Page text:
It was more than a year back when I met Shubham Saraff at the VIT University. A boy from Mumbai, he had just joined engineering and was all of 17 years of age. He came to us and told us that he wanted to build an app that would make it possible for people, especially girls, to know if a place that they were going to was safe or not.
The only way to do this is through crowdsourcing. Make people mark the spots as incidents happen. But why would anybody have the diligence to do that? Most safety apps that I know of get reduced to being panic buttons. The app sits around for a while when you trigger it just to make sure that it works; before getting completely deleted.
I asked him how might it work in the absence of base data. It was going to be near impossible to keep people on the app and adding crowdsourced data. So the question was where do we get some base data from?
They have reports from across the country about the various incidents that take place. If we could get the data and plot it on the map, we would have a base set that would be sufficiently interesting for people to want to stay on the app and it would have some usefulness for the user.
Let us meet the cops
Police departments are notoriously difficult to navigate and getting work done is a task. Subham rose up to the challenge. He went repeatedly over the weekend from Vellore to Bangalore to try and setup a meeting with the Additional Police Commissioner in Bangalore. After a few weeks of running around, he was able to finally get a meeting. The meeting did not go very far and the department did not know protocol to share such data.
He also took the time to meet with the Police Commissioner in Pune.
Finally, the Pune Police Commissioner said that they would be willing to provide data. But the kind of data that was needed for the app did not materialise.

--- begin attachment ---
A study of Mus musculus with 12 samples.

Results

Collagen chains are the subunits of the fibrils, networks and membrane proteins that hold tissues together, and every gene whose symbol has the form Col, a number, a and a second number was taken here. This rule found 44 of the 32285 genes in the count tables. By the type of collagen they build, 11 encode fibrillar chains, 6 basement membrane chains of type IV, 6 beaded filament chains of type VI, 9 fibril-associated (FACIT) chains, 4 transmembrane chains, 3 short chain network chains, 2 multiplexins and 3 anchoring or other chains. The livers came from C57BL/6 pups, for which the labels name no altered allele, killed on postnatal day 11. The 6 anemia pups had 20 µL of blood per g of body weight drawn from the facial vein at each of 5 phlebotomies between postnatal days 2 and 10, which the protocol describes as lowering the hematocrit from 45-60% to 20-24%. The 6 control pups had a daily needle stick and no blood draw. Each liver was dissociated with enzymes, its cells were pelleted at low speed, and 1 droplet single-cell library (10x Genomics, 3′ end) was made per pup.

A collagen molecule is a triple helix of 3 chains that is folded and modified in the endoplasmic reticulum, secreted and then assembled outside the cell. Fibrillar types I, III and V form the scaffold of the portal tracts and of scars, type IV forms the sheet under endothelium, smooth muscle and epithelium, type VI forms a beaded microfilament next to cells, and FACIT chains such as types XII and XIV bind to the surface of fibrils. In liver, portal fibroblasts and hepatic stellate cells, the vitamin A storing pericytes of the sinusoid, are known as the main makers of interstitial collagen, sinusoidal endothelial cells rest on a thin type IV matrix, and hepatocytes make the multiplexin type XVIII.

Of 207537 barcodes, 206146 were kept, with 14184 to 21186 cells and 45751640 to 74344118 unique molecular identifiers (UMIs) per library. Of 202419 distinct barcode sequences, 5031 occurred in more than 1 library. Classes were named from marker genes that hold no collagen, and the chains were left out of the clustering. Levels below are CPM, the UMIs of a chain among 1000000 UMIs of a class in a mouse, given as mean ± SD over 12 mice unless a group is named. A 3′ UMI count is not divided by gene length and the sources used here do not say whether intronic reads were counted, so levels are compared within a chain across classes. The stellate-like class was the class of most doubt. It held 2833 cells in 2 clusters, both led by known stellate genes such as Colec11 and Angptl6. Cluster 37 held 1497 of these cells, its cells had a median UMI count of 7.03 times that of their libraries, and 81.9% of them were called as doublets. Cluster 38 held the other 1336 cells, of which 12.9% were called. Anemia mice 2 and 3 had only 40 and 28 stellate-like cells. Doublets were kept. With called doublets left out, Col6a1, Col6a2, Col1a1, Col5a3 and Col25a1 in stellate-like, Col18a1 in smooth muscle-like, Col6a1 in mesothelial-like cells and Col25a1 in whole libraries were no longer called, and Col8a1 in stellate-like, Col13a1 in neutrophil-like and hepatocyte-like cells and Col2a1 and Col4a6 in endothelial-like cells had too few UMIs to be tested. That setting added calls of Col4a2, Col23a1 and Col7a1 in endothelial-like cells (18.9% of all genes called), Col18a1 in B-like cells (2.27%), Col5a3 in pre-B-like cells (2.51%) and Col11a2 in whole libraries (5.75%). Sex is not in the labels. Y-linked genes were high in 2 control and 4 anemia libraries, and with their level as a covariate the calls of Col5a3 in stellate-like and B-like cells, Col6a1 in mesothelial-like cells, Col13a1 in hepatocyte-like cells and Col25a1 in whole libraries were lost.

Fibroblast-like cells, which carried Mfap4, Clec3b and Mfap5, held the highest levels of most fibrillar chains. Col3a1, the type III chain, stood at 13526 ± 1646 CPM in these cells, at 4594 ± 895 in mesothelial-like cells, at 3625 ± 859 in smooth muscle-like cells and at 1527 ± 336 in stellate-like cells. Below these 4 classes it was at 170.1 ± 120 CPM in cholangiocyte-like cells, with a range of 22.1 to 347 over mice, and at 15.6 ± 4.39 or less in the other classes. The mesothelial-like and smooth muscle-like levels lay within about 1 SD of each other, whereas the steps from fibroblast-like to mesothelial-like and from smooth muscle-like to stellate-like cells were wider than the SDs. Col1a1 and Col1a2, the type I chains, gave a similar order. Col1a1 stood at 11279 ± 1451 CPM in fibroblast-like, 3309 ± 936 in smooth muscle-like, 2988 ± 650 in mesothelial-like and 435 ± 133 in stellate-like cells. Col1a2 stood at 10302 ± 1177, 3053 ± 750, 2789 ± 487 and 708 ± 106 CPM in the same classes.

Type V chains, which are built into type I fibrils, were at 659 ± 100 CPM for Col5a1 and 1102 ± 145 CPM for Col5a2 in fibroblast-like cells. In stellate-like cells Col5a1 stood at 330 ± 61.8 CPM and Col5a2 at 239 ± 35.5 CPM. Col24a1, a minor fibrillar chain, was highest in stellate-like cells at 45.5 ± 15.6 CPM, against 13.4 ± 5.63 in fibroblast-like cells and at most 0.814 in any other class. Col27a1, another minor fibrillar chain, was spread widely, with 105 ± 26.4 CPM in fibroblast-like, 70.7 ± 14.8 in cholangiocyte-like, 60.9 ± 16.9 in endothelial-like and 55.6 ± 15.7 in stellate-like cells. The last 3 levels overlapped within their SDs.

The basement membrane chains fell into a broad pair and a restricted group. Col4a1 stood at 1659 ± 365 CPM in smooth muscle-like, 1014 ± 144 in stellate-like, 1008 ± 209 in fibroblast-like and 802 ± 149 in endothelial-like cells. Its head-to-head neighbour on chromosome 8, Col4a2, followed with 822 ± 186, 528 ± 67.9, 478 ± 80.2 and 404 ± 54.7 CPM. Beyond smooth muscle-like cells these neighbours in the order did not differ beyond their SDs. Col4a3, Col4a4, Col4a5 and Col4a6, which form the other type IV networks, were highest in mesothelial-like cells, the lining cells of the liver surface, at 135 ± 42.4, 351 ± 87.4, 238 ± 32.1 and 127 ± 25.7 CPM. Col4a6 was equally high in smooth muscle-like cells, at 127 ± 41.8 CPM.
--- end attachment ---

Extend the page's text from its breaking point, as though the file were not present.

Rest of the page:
So instead of painstakingly going after each the police in each city, he decided to go to the source. He went to Home Ministry in Delhi and met with the officials in order to make sure that the data for the entire country could be accessed.
After several meetings and much patience, he was able to get the source data for the entire country.
Flag A Spot
He had been parallely working on the platform all the time with a team of students that he was studying with. The team had been building an app to crowdsource the data from users. He had put the app on alpha testing and started collecting some data through friends.
He was not daunted by the fact that he did not have the data or was not sure if he would be able to access it or not. He went ahead with the belief that even if the base data did not materialise he would be able to bring users on board and make them use the app.
This perseverance was so addictive. The belief and the determination to make this happen was so heartening that my partner Salma and I offered to invest in the app. He refused to take any investment. His reasoning was that he wanted to make that something out of the app before he brought investors on board.
Today, Flag A Spot
launched in beta and we are proud to see the product that it is.
We were driving down the highway this morning towards Vellore, as I hit a long stretch of straight road. The app sent a notification informing us that the stretch was 'accident prone'. I slowed a little. Since the base data is available to the app as you move across different parts of the city, provides you alerts of various kinds.
I can say without any doubt that this is the best app that I have seen from the perspective of providing security to an individual and I would like to see where things will go from here.